On Page 1 of a media release sent by Hartwick College to this newspaper Monday, the second paragraph started: "Over the past five years the college's endowment has grown from $50 million to $75 million and enrollment has increased from 1,397 to 1,537."
In a separate release, the college had a question-and-answer session with itself over the possibility of dropping the men's soccer program from Division I to Division III.
The release said Hartwick would save about $550,000 annually if it stopped awarding scholarships for men's soccer and women's water polo.
Let's take a closer look at the most important numbers listed above.
To put those numbers into terms we can understand, say you hit a jackpot on a Vegas slot machine and win $75,000. Would you be all that upset if you lost a roulette bet for $550 on the way out?
So, if money isn't the reason Hartwick wants to downgrade the sport that gave the school its most memorable moment _ a 1977 Division I national championship _ what is?
Jim Lennox, who coached the Hawks _ then known as the Warriors _ to that national championship and four other trips to the national semifinals, said competition seems to be the obvious reason.
"The way I was treated by Hartwick College leaves me empty in a way," he said Tuesday night. "I'm at a loss for words. They fired me (in 2003) because they wanted 1977 again (Hartwick President Richard P. Miller said via e-mail Wednesday the school had no comment on Lennox's departure and that the soccer team's on-field performance had nothing to do with the decision).
"The demographics of Division I soccer have changed," Lennox continued. "It's now geared toward the major conferences. There's no way we are going to do what we did in the 1970s and 1980s. That will never be recaptured. Division I men's soccer has advanced and because of that progress and growth of the game, the major conferences have taken to soccer and the schools in the mid- to lower-conferences have been left behind."
Lennox, the head of Hartwick's program for 27 seasons, said there's really no reason for the college to have a Division I program.
"The basic assumption would be, if you can't advance in the national tournament, why keep the program?" he said. "The smaller conferences are being bypassed by the soccer world."
To further Lennox's point, since 1990 NCAA Division I men's soccer championships have been won by the Big Ten (five times), the Atlantic Coast Conference (seven times), the Pac-10 (three times) and the Big East (once).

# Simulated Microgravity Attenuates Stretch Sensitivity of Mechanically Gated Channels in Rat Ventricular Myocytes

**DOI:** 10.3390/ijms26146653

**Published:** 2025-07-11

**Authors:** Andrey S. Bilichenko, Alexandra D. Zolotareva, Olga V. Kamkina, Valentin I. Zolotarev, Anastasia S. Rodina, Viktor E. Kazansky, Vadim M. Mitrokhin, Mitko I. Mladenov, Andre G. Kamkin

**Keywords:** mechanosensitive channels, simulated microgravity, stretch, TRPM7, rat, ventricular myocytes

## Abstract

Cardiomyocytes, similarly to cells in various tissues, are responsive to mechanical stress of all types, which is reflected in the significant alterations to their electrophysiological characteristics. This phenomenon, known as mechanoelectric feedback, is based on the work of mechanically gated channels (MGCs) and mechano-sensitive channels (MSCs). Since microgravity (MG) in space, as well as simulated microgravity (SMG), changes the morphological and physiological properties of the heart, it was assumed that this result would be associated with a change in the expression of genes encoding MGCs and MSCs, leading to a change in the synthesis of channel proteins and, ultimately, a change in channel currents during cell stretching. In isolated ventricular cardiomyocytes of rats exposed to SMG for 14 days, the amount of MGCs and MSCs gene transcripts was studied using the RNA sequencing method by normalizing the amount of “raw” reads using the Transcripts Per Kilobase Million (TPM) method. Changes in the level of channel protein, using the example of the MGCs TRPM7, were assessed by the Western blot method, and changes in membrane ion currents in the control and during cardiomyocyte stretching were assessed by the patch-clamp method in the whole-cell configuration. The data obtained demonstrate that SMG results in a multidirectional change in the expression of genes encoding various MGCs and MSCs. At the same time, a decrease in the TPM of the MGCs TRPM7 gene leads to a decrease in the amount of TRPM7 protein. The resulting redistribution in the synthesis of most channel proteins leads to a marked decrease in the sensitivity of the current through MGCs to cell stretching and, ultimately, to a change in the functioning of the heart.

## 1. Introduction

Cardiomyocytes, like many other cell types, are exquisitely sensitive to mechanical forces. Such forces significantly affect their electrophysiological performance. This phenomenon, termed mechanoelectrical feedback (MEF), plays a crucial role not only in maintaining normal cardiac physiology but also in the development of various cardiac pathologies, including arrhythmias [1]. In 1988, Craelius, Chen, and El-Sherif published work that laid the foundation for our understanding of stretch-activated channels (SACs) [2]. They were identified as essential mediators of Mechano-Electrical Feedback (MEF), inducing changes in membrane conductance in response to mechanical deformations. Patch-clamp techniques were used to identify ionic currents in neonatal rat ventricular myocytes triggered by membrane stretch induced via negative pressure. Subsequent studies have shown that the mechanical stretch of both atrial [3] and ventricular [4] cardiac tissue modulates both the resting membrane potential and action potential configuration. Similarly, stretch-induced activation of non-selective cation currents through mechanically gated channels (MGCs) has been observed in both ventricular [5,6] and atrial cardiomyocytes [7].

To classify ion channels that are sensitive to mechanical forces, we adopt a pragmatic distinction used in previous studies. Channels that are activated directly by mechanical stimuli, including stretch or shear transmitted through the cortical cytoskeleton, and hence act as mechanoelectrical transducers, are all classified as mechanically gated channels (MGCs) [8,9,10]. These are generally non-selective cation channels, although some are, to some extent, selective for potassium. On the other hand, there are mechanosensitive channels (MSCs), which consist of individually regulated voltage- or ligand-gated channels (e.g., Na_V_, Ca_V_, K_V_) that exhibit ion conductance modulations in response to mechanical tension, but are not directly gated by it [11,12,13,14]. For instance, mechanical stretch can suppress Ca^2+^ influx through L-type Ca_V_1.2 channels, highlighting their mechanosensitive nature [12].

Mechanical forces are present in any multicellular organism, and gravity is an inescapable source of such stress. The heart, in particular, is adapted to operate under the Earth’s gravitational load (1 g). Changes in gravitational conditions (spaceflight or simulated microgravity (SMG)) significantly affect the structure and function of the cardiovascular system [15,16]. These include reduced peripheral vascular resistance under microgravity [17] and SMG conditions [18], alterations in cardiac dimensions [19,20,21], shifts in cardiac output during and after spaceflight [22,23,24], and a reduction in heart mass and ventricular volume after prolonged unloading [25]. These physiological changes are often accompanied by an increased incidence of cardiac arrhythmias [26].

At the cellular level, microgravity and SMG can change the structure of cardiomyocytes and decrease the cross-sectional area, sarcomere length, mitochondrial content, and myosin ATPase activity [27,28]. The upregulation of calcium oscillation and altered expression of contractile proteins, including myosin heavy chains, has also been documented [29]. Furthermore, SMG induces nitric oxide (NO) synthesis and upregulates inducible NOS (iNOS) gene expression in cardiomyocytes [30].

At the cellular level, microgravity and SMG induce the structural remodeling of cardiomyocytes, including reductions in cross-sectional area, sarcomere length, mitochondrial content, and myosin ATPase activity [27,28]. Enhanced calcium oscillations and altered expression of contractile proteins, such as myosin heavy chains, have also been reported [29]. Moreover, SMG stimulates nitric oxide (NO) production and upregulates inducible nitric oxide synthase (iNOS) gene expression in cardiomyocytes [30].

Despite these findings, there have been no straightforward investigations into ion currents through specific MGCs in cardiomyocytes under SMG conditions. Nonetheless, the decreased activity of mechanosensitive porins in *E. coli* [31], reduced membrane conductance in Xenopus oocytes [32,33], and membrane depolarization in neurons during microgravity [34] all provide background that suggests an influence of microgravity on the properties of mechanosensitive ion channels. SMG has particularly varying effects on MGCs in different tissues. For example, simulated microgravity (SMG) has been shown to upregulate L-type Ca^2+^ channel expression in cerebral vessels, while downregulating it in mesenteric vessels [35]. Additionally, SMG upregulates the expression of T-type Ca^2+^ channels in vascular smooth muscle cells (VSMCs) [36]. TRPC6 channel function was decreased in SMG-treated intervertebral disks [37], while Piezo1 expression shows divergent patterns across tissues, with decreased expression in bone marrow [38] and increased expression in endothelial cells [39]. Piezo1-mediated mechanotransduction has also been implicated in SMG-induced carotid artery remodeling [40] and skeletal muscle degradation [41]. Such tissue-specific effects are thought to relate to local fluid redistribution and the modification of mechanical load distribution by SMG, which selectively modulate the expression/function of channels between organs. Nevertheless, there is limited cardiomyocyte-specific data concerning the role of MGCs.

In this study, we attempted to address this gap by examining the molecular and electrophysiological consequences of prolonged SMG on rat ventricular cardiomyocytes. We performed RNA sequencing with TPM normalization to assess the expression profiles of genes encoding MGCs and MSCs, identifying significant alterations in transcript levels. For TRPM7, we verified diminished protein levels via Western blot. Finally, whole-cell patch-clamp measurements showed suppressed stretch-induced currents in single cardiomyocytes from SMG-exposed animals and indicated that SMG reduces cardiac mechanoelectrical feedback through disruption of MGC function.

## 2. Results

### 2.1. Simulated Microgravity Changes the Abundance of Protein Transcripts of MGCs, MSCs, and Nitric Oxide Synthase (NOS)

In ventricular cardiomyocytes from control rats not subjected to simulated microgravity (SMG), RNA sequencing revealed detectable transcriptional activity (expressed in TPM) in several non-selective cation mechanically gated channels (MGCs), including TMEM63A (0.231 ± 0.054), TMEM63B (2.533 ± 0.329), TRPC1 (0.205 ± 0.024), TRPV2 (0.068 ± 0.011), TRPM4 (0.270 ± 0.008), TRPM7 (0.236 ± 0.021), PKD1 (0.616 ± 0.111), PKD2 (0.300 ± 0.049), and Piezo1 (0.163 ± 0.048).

The lone school not affiliated with a big conference that won a national championship was Big West Conference member UC-Santa Barbara, which beat UCLA, 2-1, in 2006.
Another problem Lennox pointed out was the lack of support the program has generated lately.
The only Hartwick game Lennox said he's attended since his dismissal came last year, when his most recognizable former player _ the late Glenn "Mooch" Myernick _ was being honored.
"No one was at the game," he said. "I don't know that (Division I soccer) will be missed."
Still, it's tradition. This is Soccer Town USA, the home of the National Soccer Hall of Fame and at one point, home to two Division I soccer programs. Oneonta State dropped its D-I program two years ago.
Now, it appears Hartwick will follow suit.
According to the release, the college wants us to believe that a liberal arts school can only succeed with non-scholarship athletes. Someone will have to explain to me what one has to do with the other.
Miller also wrote in his e-mail Wednesday that equity among Hartwick athletes played a role in the college's decision.
"We also believe that students in various sports should have equivalent experiences in the nature of their travel, coaching, uniforms and other amenities," Miller wrote. "This is not the case today."
Hartwick cited travel as the biggest difference between the Division I teams compared to the Division III programs.
The timing of the release also seems curious.
The school dropped this bombshell while students were away on a winter break and the water polo team was competing in California. The vote by the board of trustees will come Saturday, and that seems a mere formality.
"The College's decision to deal with our D-I programs is timed with the Board of Trustees meeting taking place later this week," Miller wrote. "Coincidentally students are on their winter break and the water polo team is in California. There was no notice to the College constituencies until Monday of this week."
How would you like to be a Hartwick soccer player home on break and find out through a friend that you'll need to starting searching for another college?
If a college is going to do this, at least have the guts to tell the athletes to their faces. At least have the common courtesy to explain to those who committed themselves to represent your college for four years why you're doing this.
And be honest.
Don't say that it doesn't jibe with the school's liberal arts mission. Don't say the $550,000 could be better spent elsewhere. Don't talk about equity throughout the sports programs.
Tell them what Lennox said. Say the school has neither the visibility nor the resources to compete at the highest level and there's not enough interest in your programs.
Rob Centorani is a sports writer for The Daily Star. E-mail him at firstname.lastname@example.org.